How many photos do you think there are on Facebook? 500 million? 1 billion? 7 billion – one for each person on the planet? Current predictions have the number around 100 billion. That is 200 million uploads per day. Where do you think 100 billion photos are stored? What about all those Gmails, Tweets, or blog posts? They reside on the cloud, of course. Putting it on the cloud is the cool thing to do these days. Our photos, emails, bank statements, car payments, books, movies, video games, and our favorite YouTube videos are all on the cloud. All this good stuff isn’t stuffed into our iPhones…so where is it?
The cloud is just a fancy name for a computer that can be accessed to retrieve information. A single computer cannot hold 100 billion Facebook photos, but thousands can. Place thousands of computers in a warehouse with no windows, turn them all on, and we have a place to put your summer vacation photo album; likes, tags, and comments included. This windowless warehouse full of running computers is called a data center. Data centers are full of thousands of running computers very similar to the one that you have at home. Data centers are the cloud.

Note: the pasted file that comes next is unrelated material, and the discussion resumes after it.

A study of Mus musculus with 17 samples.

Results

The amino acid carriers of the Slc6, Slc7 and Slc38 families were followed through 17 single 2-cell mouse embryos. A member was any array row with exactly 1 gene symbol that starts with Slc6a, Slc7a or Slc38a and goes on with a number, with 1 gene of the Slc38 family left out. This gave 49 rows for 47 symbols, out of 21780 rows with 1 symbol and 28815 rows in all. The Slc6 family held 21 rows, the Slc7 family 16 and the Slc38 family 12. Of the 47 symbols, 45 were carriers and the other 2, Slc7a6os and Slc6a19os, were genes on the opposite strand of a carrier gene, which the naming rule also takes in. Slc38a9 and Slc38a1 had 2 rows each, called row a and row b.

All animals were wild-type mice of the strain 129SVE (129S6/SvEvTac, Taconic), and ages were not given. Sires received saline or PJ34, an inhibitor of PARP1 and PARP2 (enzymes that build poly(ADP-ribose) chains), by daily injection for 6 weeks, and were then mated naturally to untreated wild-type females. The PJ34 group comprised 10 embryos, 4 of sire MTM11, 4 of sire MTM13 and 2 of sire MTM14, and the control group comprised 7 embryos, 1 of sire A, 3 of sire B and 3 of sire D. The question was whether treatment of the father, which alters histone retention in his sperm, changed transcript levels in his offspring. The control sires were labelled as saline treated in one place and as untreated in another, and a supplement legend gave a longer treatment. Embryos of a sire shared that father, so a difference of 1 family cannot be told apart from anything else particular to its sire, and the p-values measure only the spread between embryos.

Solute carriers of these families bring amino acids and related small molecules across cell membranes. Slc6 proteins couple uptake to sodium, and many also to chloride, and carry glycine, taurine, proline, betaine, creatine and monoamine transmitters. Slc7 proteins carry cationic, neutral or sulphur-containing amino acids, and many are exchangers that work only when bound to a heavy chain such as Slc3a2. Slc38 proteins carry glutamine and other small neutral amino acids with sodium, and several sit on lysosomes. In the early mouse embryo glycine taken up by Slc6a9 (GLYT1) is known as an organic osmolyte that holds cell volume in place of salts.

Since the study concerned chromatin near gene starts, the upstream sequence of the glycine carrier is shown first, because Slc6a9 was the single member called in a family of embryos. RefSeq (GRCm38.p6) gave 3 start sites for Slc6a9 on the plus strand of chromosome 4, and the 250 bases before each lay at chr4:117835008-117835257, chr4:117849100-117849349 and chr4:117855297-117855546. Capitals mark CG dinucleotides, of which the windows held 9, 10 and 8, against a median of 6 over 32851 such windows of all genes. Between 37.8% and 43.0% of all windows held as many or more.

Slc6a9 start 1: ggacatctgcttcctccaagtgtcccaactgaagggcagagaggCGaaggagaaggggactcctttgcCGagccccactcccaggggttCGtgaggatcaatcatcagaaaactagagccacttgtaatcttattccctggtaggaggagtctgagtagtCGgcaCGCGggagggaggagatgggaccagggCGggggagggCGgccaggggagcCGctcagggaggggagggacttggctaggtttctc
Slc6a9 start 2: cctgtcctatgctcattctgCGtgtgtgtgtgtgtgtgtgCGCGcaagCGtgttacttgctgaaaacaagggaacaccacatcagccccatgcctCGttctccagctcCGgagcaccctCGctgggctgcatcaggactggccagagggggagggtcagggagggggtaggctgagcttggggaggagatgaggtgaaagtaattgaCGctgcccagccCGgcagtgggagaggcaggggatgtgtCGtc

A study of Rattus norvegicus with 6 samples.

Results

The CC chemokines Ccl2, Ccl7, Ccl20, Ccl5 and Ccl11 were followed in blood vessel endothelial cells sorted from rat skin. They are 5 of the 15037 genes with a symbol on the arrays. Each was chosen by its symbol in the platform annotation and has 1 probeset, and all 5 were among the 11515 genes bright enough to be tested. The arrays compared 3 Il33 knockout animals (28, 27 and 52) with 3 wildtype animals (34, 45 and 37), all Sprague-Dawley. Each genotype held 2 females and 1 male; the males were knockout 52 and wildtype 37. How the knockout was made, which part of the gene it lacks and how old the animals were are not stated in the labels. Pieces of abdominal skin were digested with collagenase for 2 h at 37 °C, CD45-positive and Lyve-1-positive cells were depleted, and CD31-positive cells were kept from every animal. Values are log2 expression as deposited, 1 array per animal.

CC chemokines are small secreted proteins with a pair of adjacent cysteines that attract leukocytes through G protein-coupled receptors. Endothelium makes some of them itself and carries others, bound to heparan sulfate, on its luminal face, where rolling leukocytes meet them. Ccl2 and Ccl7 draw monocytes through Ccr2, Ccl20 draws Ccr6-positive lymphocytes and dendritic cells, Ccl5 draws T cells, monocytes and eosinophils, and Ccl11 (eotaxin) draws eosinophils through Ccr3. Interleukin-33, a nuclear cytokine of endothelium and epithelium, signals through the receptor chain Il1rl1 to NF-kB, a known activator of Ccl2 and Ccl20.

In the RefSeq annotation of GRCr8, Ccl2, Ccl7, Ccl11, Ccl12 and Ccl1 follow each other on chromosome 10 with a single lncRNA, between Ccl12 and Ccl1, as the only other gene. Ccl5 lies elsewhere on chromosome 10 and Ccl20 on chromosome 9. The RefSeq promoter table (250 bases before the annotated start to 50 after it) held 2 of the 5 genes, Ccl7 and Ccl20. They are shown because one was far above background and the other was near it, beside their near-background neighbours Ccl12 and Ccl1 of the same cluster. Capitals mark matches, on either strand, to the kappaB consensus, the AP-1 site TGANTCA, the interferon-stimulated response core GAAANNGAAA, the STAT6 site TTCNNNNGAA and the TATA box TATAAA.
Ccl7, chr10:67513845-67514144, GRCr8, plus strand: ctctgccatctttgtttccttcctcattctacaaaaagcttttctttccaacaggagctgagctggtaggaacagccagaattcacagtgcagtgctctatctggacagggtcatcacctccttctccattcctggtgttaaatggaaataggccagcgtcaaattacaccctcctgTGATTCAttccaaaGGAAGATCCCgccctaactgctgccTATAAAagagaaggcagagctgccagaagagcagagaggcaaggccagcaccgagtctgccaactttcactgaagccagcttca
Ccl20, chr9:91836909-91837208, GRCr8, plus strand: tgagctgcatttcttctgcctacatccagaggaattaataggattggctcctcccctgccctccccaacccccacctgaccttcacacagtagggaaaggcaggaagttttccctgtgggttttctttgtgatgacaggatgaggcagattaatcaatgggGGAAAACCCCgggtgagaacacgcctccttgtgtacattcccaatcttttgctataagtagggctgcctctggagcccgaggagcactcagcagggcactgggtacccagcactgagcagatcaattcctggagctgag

Data centers can be located just about anywhere. There is a big one right in downtown San Francisco, although it is not obvious. There is a place in Silicon Valley where you can throw a stone at four without moving. Facebook just opened a new state of the art data center in the small town of Prineville, Oregon. All of these facilities are highly secure and operate 24/7. Even just a minute of downtown can cost a company millions of dollars. Besides, how frustrating is it when we go to check our bank statements but we can’t because of online maintenance. Since so much of our daily lives take place online and in the cloud, great care is taken to ensure that data centers never ever shut down. In order for this to be possible the highest level of security and uninterrupted electrical supply is required. I want to focus on the power supply for data centers because the amount of electricity required to operate them is enormous.
Typical data centers draw around 1 – 5 megawatts (MW) of electricity. The largest require 20 MW of electricity. For reference, 20 MW is enough energy to power ~16,000 homes. The most recent study completed by Johnathan Koomey in 2011 estimates data center energy use to be 2% of total US electric consumption (report). As more services migrate online and we shift to a culture of mobile computing, the more energy we will need to power our data centers. The tech sector is growing at a rapid pace and the energy required to power it will need to keep up. The next time you go on facebook and check your friend’s new photos, be cognizant of the fact that each photo is not a white puff in the sky, it is a little spinning disk located in a windowless warehouse consuming electricity. Lots of electricity.